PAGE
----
St Nicolas Church, Newbury
The team at West Country Tiling have been working with Farringdon based Andrew Townsend Architects for over 20 years on countless projects around the Cotswold. The first project we worked on together in the late 90’s was the Abbots Fish House in Meare, the only surviving monastic fishery building in England.
Due to our longstanding professional relationship, Andrew asked us to tender for the lottery funded work on St Nicolas Church.
Newbury’s Saxon heritage
According to the History of Newbury website, Newbury was originally the Saxon settlement of Ulvritone located south of the River Kennet. This settlement later became known as New Burgh. Burgh being the old English word for a fort or fortified settlement. Burgh later came to mean a town and is the origin of our word borough and in time New Burgh became Newbury.
St Nicolas Church history
As detailed on the St Nicolas’ website, the first mention of a church on this site was in 1086, detailed in a grant from William the Conqueror to the newly-founded Abbey of St Pierre de Preaux in Normandy. This patronage continued until the wars of the 15th century, when the estates of foreign priories in England were granted by Parliament to the Crown. In around 1509 to 1533 the church was entirely rebuilt in the architectural style of the late Perpendicular period.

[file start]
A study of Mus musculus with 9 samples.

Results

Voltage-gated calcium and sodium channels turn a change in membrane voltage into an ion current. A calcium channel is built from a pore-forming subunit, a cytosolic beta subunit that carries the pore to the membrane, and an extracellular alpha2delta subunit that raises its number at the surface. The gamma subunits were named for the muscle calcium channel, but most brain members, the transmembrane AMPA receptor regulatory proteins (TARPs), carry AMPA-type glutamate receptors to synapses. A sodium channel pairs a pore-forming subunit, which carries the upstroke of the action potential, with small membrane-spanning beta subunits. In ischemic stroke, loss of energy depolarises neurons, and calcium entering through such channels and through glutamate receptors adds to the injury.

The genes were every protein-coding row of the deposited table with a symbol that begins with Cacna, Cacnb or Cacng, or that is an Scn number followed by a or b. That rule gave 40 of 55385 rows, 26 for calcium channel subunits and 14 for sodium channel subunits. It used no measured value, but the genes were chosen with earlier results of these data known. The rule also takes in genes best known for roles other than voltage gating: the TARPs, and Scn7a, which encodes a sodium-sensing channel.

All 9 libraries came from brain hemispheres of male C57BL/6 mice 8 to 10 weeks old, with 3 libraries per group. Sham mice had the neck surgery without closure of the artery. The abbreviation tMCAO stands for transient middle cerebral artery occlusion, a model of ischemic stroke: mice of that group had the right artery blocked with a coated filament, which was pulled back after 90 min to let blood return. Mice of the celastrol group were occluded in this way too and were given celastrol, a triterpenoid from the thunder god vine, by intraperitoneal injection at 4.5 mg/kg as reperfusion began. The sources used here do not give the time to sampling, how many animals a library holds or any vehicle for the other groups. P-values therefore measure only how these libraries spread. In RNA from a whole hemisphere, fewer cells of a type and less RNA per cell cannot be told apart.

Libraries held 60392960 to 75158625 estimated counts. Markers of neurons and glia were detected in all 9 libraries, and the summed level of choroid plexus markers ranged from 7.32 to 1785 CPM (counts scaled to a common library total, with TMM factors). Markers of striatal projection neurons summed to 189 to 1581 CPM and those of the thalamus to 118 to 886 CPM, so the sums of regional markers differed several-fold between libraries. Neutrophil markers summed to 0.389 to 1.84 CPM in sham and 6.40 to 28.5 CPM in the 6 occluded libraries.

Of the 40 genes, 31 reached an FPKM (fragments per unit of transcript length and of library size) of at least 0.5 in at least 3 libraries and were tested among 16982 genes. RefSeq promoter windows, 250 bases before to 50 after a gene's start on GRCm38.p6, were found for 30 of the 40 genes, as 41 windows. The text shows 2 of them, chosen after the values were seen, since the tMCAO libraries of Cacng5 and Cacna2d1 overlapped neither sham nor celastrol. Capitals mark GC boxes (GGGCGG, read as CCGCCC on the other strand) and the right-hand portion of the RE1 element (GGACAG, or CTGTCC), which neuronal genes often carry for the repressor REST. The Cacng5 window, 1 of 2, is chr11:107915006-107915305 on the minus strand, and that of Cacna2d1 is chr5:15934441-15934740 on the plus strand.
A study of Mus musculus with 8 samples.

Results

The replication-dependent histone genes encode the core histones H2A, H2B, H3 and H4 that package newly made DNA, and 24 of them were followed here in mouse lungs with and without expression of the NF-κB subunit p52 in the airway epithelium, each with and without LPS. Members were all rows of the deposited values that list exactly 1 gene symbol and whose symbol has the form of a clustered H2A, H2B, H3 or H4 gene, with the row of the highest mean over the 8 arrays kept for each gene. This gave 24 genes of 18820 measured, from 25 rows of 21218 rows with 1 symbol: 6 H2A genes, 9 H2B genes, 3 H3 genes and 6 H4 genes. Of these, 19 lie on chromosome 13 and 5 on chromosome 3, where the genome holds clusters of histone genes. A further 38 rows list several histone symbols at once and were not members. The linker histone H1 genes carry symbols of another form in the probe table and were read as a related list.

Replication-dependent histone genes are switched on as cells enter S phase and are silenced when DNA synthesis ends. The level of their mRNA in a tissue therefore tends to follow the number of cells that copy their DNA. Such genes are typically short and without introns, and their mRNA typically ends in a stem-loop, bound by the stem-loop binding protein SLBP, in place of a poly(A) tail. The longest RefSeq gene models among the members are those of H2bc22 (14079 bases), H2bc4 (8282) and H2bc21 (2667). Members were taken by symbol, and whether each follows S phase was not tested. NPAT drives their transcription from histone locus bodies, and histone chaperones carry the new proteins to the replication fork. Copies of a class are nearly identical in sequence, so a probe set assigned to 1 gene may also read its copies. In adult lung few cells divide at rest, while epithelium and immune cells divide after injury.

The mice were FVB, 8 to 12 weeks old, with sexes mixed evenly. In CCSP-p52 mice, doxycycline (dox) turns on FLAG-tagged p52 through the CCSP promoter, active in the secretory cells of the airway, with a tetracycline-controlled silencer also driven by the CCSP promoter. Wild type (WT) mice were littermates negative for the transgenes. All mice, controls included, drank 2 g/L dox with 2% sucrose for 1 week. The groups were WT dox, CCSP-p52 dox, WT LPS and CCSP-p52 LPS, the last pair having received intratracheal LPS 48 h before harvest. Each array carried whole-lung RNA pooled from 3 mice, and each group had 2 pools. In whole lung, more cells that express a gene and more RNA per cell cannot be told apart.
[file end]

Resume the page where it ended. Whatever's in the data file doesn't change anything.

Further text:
This contract involved:
- Stripping the Nave lead roof and gutters
- Re-building the steps of the gutter to comply with Lead Sheet Association recommendations
- Renewal of a large proportion of the existing flat roof decking
- Raising the height of the roof to allow the depth necessary for the gutter rebuild
- Supply and lay new sand-cast lead to the gutters and flat roof
- Masonry repairs to brickwork and merlons
- Re-decoration of the clock-face on the Eastern elevation of the tower
The repairs to St Nicholas are now complete and the church is actively involved and engaged at the centre of life in Newbury.